Social Media Marketing, Digital Marketing, Social Media Strategy
January 17, 2018
Mark Zuckerberg announced on his platform the company would be “making a major change” which centers around prioritising posts from friends and family over businesses, brands and media.
“The public content you see more will be held to the same standard — it should encourage meaningful interactions between people,” he writes.
Cue businesses across the world launching into panic.
‘Organic reach on Facebook is dead’: Advertisers expect price hikes after Facebook’s feed purge, writes Digiday.
‘Facebook has been quite transparent about the fact that marketers and brands will be impacted by this change — and not for the better’, writes Hubspot.
The response to the changes has been largely negative, and social media managers worldwide have launched straight into strategy re-evaluations and changes.
But what does it actually mean for you?
We know you, a local business, have a fundamental goal to engage and interact with your customer. This is something Facebook is now encouraging you to do on their platform far more than they have before.
Head of Facebook’s News Feed Adam Mosseri writes, “We will prioritize posts that spark conversations and meaningful interactions between people.”
“Page posts that generate conversation between people will show higher in News Feed.”
Mosseri focuses on video, particularly live video, as a way to interact with followers.
“Local businesses connect with their communities by posting relevant updates and creating events,” he says.
Essentially, if a business is focused on its customers and not just on promoting their products they’re going to feel minimal effect of the news feed changes.
We at GDR Media Group have always encouraged our clients to tell their story, not just sell their products. This news feed change is in line with that strategy, and means your focus on engaging with your customers will be rewarded as the changes come into effect.
The changes to the news feed should not necessarily be approached with caution, but with opportunity.
Facebook is fundamentally taking a stand against clickbait and poor quality content, and giving weight to content that is genuinely trying to engage with users.
“Now, I want to be clear: by making these changes, I expect the time people spend on Facebook and some measures of engagement will go down,” Zuckerberg writes.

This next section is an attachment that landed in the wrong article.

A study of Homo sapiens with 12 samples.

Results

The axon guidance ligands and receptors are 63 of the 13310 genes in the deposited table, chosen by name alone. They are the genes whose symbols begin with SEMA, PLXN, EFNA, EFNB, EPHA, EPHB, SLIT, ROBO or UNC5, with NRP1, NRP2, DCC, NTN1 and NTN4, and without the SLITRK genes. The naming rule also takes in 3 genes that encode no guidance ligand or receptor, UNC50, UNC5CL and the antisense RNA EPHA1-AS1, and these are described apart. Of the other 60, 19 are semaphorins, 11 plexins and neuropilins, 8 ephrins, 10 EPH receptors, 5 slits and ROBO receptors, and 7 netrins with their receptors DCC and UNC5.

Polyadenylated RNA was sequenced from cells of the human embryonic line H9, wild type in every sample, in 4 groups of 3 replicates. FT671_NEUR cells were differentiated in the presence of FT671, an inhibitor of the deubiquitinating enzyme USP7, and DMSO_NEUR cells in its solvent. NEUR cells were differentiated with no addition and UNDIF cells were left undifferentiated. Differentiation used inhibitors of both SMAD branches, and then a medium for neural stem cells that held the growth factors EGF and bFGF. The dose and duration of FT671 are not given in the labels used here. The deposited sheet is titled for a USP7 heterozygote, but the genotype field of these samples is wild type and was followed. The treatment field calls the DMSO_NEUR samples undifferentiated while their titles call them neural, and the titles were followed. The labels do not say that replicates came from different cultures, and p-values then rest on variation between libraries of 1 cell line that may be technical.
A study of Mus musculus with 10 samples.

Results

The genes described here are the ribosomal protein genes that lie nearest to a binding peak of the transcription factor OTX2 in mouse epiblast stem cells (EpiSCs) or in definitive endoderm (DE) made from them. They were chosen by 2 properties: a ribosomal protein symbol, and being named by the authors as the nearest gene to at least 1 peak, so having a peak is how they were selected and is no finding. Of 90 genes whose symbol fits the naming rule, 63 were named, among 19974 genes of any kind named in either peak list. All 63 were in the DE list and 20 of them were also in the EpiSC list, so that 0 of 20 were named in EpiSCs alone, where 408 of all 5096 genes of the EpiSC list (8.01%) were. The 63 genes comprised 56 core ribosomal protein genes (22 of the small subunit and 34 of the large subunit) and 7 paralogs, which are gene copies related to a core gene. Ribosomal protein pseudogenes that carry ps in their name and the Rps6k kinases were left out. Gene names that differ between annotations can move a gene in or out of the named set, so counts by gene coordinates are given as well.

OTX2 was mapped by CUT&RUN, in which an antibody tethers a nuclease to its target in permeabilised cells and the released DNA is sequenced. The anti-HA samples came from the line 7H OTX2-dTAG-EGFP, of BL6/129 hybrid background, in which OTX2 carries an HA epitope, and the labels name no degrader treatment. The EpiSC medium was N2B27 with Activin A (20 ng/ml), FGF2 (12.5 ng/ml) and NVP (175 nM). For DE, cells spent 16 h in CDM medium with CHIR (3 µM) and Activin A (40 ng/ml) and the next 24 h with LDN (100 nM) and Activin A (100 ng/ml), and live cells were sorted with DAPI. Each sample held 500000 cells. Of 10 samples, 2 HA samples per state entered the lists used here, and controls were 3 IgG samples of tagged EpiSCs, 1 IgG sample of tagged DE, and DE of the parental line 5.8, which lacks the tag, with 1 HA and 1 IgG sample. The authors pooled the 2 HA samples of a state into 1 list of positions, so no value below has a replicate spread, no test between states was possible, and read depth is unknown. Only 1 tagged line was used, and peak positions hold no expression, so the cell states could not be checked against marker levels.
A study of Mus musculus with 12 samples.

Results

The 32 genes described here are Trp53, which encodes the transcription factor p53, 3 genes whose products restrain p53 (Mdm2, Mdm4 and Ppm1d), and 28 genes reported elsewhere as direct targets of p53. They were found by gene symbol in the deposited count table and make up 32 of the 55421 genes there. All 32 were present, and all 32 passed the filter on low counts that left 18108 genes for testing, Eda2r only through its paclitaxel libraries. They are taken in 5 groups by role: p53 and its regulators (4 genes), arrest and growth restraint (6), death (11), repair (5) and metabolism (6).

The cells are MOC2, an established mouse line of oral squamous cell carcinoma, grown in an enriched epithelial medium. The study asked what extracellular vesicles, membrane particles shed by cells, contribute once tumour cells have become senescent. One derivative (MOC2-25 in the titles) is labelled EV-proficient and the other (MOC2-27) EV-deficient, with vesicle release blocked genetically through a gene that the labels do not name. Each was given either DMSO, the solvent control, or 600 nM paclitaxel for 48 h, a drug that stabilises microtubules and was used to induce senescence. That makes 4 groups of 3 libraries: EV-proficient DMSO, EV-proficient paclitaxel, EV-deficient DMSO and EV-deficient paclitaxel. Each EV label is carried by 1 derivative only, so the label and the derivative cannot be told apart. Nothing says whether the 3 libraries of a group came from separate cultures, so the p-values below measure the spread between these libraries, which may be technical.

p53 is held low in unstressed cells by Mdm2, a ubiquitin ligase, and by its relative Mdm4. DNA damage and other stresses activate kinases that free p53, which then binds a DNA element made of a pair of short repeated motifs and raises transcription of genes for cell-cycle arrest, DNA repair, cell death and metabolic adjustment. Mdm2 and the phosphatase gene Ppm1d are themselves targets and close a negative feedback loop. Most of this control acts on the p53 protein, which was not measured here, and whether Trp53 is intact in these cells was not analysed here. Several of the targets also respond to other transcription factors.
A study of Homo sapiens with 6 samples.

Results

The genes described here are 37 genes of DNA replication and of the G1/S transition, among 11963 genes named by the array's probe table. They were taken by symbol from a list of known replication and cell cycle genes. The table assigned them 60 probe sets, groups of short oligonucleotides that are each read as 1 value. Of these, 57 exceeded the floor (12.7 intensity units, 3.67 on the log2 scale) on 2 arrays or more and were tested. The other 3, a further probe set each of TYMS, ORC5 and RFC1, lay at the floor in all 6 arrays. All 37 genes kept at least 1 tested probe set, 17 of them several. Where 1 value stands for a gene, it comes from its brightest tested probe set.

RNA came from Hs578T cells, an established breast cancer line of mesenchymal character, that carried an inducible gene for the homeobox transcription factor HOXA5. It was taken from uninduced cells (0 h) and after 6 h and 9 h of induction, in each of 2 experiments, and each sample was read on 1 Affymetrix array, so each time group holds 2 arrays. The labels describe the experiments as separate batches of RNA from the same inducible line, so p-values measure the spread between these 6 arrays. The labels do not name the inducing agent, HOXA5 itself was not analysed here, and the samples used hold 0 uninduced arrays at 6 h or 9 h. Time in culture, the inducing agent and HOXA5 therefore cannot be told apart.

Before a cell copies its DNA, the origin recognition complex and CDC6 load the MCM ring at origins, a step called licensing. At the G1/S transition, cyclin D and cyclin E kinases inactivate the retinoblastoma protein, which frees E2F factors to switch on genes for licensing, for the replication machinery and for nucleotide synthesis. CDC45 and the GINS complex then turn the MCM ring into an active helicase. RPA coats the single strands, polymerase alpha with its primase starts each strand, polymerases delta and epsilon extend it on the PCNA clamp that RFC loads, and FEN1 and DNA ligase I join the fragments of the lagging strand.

“But I also expect the time you do spend on Facebook will be more valuable."
This is something we at GDR Media Group have a strong belief in – reaching the right people who are more likely to interact and engage with your business. A valuable handful, instead of a big number which has no meaning behind it.
The changes are not so surprising if you’ve been tracking the changes made to the feed in the past – a strong focus on user engagement with other users, or brands.
As summarised very eloquently by The Content Division’s Kurt Sanders, “If it’s not forcing you to take a good, hard look at yourself and get back to the things that work for your customers and your objectives then you may have missed a few things along the way.”
There has been a lot of discussion about ‘meaningful social interactions’ and what that could be defined as.
Mosseri writes, “We use signals like how many people react to, comment on or share posts to determine how high they appear in News Feed.”
While we’ve known engagement is the most important metric for a while – over reach and likes – the new Facebook algorithm update and the information around it indicates this is only going to increase.
Not only will Facebook be determining the success of your page based on your follower engagement, it will penalise your page if you’re not encouraging and achieving it.
That said, engagement-bait (as always) is out of the question.
“Using “engagement-bait” to goad people into commenting on posts is not a meaningful interaction, and we will continue to demote these posts in News Feed,” writes Mosseri.
These are posts that encourage followers, for example, to tag their friends or comment below.
Facebook’s communication shows the changes will come into effect over coming months, so you have time to adjust your strategy if necessary and educate your staff on the changes.
We at GDR Media Group have long had a focus on building engaged communities on social media platforms, in particular Facebook, and we will continue to build on this in the future.